Economy, Business And Markets

India's Tata, Iran Khodro Discuss Joint Venture

India's Tata, Iran Khodro Discuss Joint VentureIndia's Tata, Iran Khodro Discuss Joint Venture

Iran Khodro Company is in talks with India's Tata Motors to set up a joint venture for assembling its gasoline cars in Iran, as Tata looks to tap the fast growing market that has just emerged from sanctions.

Tata Motors is talking with the Iranian car manufacturer for a joint venture to assemble knocked down units of the gasoline versions of its models, including the latest compact car Tiago, Bolt and Zest, which are powered by the company’s new Revotron gasoline engines, sources said in Tehran.

Knocked down version of the cars will be imported and assembled at Iran Khodro’s manufacturing facility after adding local contents like tires and batteries, The Hindu Business Line reported.

Tata Motors will use Iran Khodro’s sales network to sell the cars.

The branding will be of Tata Motors and Iran Khodro will be just a contract manufacturer, they said, adding that Tata Motors will start assembling in Iran in less than two years.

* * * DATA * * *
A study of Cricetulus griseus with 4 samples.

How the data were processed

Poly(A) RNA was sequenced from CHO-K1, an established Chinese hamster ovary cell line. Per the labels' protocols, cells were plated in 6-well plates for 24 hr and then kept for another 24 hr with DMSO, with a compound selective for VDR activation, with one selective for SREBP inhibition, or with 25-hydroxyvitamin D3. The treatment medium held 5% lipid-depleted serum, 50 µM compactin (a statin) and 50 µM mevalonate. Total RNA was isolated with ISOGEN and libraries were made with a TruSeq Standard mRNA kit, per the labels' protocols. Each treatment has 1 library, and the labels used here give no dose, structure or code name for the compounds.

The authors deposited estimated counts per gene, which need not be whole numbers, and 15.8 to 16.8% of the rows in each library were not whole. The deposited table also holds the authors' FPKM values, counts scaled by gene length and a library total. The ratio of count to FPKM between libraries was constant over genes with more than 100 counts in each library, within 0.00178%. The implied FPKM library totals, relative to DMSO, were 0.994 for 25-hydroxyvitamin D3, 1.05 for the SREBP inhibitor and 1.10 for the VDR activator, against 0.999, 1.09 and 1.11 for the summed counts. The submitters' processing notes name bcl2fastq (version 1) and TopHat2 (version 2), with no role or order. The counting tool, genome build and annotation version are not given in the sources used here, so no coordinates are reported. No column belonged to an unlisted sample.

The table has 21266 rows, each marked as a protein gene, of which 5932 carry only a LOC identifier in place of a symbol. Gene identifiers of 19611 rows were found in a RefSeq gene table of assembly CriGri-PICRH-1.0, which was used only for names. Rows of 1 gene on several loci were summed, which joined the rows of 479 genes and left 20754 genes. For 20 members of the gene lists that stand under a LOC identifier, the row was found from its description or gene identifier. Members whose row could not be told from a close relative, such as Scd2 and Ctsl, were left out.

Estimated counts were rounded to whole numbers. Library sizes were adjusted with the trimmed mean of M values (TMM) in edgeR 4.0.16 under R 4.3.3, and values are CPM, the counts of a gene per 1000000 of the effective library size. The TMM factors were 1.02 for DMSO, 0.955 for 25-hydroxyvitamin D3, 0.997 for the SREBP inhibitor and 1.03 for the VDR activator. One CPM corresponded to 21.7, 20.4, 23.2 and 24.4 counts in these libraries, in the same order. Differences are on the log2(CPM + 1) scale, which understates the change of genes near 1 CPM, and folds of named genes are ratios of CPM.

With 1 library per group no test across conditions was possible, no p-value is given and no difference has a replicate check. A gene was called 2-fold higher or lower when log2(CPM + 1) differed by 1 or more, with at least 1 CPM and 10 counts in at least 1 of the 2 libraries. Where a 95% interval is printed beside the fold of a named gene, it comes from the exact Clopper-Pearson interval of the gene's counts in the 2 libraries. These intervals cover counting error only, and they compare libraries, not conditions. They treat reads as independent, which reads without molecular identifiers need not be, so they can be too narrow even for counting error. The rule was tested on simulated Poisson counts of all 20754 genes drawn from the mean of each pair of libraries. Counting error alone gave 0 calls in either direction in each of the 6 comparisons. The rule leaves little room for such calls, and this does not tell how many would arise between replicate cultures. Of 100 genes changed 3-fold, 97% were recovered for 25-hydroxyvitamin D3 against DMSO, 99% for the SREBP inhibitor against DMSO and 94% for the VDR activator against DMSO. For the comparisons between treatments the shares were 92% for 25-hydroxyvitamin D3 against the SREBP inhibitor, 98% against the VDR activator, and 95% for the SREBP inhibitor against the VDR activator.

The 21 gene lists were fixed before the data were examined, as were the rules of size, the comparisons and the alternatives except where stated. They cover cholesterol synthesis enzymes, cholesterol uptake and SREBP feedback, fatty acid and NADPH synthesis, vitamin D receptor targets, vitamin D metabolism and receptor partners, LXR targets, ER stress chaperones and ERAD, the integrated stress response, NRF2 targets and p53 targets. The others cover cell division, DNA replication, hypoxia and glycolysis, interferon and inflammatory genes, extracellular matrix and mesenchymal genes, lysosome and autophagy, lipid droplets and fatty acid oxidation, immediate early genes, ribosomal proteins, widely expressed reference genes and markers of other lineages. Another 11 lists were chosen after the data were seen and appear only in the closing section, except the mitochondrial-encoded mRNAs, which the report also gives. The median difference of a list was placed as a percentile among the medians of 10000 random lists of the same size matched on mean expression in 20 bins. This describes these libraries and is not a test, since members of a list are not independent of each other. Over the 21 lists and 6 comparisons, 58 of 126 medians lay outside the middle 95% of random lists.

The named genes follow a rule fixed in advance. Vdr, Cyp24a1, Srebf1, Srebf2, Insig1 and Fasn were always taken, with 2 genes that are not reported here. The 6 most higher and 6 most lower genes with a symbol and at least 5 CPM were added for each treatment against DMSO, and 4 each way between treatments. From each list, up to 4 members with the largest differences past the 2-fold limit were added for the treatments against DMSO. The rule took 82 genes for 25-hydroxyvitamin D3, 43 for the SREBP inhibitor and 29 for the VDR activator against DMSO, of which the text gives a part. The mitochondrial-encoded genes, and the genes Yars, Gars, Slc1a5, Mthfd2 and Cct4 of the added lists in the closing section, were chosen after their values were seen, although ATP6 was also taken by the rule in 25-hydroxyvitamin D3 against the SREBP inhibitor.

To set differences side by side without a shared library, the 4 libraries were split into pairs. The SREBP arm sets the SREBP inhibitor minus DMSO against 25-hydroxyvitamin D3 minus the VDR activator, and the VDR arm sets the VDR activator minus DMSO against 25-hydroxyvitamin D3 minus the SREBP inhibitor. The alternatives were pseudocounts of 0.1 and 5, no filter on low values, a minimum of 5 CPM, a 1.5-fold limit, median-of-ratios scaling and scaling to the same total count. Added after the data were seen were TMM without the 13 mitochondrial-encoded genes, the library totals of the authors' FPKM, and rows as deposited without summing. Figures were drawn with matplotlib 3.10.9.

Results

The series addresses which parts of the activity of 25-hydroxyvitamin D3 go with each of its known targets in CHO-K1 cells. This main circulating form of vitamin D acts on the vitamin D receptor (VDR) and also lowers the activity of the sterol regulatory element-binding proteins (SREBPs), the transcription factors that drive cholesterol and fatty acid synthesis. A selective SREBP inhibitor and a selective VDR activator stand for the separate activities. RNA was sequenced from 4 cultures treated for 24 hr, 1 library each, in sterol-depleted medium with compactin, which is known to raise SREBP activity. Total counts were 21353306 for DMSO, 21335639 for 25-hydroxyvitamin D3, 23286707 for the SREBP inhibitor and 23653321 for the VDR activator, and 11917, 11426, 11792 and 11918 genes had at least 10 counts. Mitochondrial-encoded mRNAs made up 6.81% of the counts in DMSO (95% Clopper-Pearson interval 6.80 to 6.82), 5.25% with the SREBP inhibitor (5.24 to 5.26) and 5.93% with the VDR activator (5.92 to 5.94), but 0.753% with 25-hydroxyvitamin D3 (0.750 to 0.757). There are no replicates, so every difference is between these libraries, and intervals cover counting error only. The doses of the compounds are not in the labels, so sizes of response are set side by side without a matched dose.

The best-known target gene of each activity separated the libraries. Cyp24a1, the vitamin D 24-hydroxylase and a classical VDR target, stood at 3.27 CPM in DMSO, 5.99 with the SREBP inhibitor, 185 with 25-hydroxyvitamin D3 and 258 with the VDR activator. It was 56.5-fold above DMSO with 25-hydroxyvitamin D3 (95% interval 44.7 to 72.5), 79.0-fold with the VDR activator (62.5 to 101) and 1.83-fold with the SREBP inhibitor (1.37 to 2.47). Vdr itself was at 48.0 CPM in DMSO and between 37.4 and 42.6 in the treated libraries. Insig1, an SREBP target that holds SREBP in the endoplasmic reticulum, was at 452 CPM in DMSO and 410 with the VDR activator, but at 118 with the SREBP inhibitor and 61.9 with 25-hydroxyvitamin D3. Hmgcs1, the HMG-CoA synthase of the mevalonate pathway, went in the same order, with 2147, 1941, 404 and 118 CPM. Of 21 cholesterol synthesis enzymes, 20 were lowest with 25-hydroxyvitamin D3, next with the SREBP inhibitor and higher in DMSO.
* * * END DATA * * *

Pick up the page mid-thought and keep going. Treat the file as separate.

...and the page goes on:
Initially, Tata Motors is looking at 100,000 cars a year, which will be gradually ramped up.

Production at the factory, which may be located in suburban Tehran and Masad, is slated to begin by 2018.

Iran Khodro had earlier this year renewed its partnership with French manufacturer PSA Peugeot Citroen.

Iran Khodro Company (public joint stock) was founded in August 1962. Starting with contract manufacturing of sedan Paykan for British firm Rootes in 1966, it has manufactured for France’s Peugeot as well as the Tondar 90 sedan (Renault Logan). It manufactures several Chinese models now.

Peugeot had earlier this year signed a contract with Iran Khodro to start a joint venture that will make three new models. Its January 2016 deal marks its return to Iran after a four-year absence.

Iran Khodro, which is 14%-owned by the Iranian government, was Peugeot’s former partner before the French company’s decision to shut down its operations in 2012 in the wake of international sanctions.

Before 2012, Peugeot would send parts, which then were assembled in Iranian plants.